Area Forecast Discussion
Issued by NWS Hastings, NE


Area Forecast Discussion
National Weather Service Hastings NE
358 AM CDT Sat Oct 22 2016

.SHORT TERM...(Today and tonight)
Issued at 332 AM CDT Sat Oct 22 2016

Today...Outstanding day for late October with highs in the mid to
upper 70s under clear skies. The wind will be southerly and a bit
breezy in the afternoon as the pressure gradient tightens up
between a high plains trough and a southeastern CONUS sfc high.
Expect elevated/near critical fire danger across our western zones
where dewpoints and RH values will be lowest. See fire weather
section for more information.

Tonight...Decided to go slightly cooler than the superblend in our
typically cooler areas of Ord and Lexington, leaning more on
MET/MAV guidance. Clear and dry weather will continue.

.LONG TERM...(Sunday through Friday)
Issued at 332 AM CDT Sat Oct 22 2016

Primary forecast concern through the long term lies with Tuesday
thunderstorm chances.

Overall there hasn`t been much change in the forecast at the start
off the forecast period, Sunday and Monday. Models are in pretty
good agreement showing zonal flow on Sunday, with a broad/lower
amplitude ridge over the Rockies, set up between areas of low
pressure over the far northeastern CONUS and off the coast of the
Pac NW. Sunday night through Monday night, dry conditions remain in
the forecast as that upper level ridging slides east across the
Plains. At the surface, Sunday starts off with a cold front
continuing to push south through the area, likely still over far
southeastern portions of the area at sunrise. N-NE winds are
expected through the daytime hours, with diminishing winds later in
the day as surface high pressure builds into the region from the
northwest. During the day on Monday, southerly winds return, the
surface high is pushing off to the east and low pressure is
organizing to our west. The cooler air mass looks to bring mid 60s
to lower 70s for highs both Sun/Mon.

Tuesday/Tuesday night brings the next chance for precipitation to
the area, and is the only chance through the rest of the period
(Friday). Models aren`t in too bad of agreement showing an upper
level shortwave disturbance moving through eastern Colorado during
the morning hours, then sliding through the Central Plains during
the afternoon/evening. Surface low pressure accompanying the system
looks to slide right across the CWA, with it and its frontal
boundaries being the focus for shower/thunderstorm development.
While some isolated activity will be possible anytime after midday,
the better chances look to be late in the afternoon and into the
evening hours. With the continued southerly winds continuing into
Tuesday, models continue to show the potential for a narrow axis of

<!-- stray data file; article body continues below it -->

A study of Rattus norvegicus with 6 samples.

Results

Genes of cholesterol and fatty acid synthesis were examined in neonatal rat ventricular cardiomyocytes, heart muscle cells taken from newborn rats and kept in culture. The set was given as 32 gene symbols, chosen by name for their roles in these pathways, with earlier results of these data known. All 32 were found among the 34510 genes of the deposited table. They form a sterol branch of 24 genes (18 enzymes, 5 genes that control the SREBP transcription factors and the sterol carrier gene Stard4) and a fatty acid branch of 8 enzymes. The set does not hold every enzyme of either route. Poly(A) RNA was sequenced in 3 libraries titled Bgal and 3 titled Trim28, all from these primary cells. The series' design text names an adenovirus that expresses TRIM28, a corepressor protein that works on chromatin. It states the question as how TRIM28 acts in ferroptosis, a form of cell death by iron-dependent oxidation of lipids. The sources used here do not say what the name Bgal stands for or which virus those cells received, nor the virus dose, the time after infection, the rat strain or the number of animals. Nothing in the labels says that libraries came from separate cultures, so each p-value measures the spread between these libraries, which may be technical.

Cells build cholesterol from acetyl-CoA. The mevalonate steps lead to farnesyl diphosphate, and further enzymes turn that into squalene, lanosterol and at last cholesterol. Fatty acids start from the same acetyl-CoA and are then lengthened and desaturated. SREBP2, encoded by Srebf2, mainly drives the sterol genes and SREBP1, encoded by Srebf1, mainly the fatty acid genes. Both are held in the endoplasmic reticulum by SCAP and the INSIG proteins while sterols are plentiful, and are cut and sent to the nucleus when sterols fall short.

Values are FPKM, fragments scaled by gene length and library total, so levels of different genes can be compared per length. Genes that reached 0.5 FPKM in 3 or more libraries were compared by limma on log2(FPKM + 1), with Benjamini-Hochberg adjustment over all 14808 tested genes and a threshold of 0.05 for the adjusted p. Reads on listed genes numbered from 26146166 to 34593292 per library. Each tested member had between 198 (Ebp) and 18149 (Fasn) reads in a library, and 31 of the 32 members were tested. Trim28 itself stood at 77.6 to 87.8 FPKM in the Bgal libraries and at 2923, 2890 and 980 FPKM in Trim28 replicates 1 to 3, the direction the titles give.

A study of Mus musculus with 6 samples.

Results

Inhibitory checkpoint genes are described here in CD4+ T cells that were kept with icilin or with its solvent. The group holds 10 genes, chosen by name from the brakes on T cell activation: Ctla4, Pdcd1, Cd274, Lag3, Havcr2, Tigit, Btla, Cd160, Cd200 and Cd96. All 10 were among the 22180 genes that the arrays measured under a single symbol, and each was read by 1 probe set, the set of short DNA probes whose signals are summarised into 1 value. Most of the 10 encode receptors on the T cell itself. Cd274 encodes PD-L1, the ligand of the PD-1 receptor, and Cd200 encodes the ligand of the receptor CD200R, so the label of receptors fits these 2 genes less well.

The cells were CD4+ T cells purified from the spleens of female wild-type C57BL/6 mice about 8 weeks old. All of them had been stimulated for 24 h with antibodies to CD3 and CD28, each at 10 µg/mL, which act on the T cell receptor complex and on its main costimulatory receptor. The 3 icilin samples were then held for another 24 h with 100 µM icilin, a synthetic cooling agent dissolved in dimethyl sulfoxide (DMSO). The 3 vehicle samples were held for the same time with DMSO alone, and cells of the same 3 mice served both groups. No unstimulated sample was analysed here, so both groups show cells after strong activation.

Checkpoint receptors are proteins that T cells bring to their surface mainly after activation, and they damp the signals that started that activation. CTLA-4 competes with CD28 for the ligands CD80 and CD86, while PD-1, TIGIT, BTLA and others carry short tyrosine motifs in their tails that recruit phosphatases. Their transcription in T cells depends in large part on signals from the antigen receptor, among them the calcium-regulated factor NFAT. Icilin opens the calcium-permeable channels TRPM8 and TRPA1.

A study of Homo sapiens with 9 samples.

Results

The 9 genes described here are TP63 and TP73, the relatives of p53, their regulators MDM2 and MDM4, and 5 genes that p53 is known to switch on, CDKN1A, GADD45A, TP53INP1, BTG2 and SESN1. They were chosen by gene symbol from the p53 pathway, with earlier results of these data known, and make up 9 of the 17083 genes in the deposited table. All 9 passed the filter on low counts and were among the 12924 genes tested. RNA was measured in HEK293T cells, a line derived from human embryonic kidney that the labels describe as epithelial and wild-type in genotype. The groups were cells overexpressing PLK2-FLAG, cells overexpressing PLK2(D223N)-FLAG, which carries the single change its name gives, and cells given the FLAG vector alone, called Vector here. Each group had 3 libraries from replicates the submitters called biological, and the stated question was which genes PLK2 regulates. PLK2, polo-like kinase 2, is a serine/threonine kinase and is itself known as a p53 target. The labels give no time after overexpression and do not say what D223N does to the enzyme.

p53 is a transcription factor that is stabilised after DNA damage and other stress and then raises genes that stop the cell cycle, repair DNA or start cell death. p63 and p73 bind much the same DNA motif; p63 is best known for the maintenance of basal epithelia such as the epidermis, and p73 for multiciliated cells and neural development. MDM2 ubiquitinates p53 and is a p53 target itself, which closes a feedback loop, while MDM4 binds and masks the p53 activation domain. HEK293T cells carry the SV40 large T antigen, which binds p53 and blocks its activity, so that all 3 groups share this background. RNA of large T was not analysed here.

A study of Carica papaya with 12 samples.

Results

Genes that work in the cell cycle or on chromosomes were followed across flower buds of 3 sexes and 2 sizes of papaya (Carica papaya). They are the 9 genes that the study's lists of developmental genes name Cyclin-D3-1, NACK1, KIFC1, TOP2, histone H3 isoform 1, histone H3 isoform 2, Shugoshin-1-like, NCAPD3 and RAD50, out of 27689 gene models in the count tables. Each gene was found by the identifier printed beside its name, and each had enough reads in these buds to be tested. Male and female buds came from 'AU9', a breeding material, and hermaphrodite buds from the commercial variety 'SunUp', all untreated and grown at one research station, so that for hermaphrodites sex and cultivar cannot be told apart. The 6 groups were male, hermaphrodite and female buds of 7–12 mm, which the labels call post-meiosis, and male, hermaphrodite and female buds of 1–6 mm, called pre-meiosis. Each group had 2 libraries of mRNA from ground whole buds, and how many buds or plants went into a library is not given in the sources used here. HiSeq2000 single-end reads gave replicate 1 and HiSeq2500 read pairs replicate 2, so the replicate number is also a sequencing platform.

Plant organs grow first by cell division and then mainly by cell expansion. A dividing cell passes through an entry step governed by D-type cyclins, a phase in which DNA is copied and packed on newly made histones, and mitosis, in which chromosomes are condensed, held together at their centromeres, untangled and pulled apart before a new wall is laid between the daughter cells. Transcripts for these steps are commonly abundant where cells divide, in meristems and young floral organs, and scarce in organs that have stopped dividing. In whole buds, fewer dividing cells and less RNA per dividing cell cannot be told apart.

60 degree dewpoints to work their way back far enough north to
result in several hundred (possibly near 1000) j/kg of CAPE. If that
amount of moisture is able to work its way back in, while deep layer
shear isn`t the greatest, couldn`t rule out some thunderstorms being
on the strong/marginally severe side. At this point will keep
mention in the HWO at strong, want to see how models trend with the
potential. Current model timing/location of features also shows the
better chances for precip would be across the eastern half of the

Dry conditions return to the forecast for the remainder of the
period Wed-Fri, with models in good agreement showing upper level
ridging returning in the wake of Tuesday`s system. At this point not
expecting significant swings in temperatures, with forecast highs
remaining in the 60s/70s.


.AVIATION...(For the 06Z KGRI/KEAR TAFS through 06Z Saturday night)
Issued at 1251 AM CDT Sat Oct 22 2016

VFR conditions are expected with clear skies throughout the TAF
forecast period. Light winds tonight could be a bit breezy out of
the south southeast during the day on Saturday. There could be
some strong low level wind shear as we head into Saturday evening,
primarily from KGRI and points to the east.


Issued at 332 AM CDT Sat Oct 22 2016

Lowered dewpoints slightly and increased winds this afternoon
compared to the superblend output. Believe that we will be closer
to MET/MAV values during peak heating. These adjustments get us
right to our fire weather headline thresholds of 20 RH and 20G25
MPH winds across our west/northwestern counties for a brief hour
or two. Thinking is that if going with a more worse case
scenerio only briefly gets us to thresholds, then will be best to
hold off on fire weather headline at this time, but can certainly
not rule out a brief period of critical fire weather conditions in
a few isolated western locations this afternoon.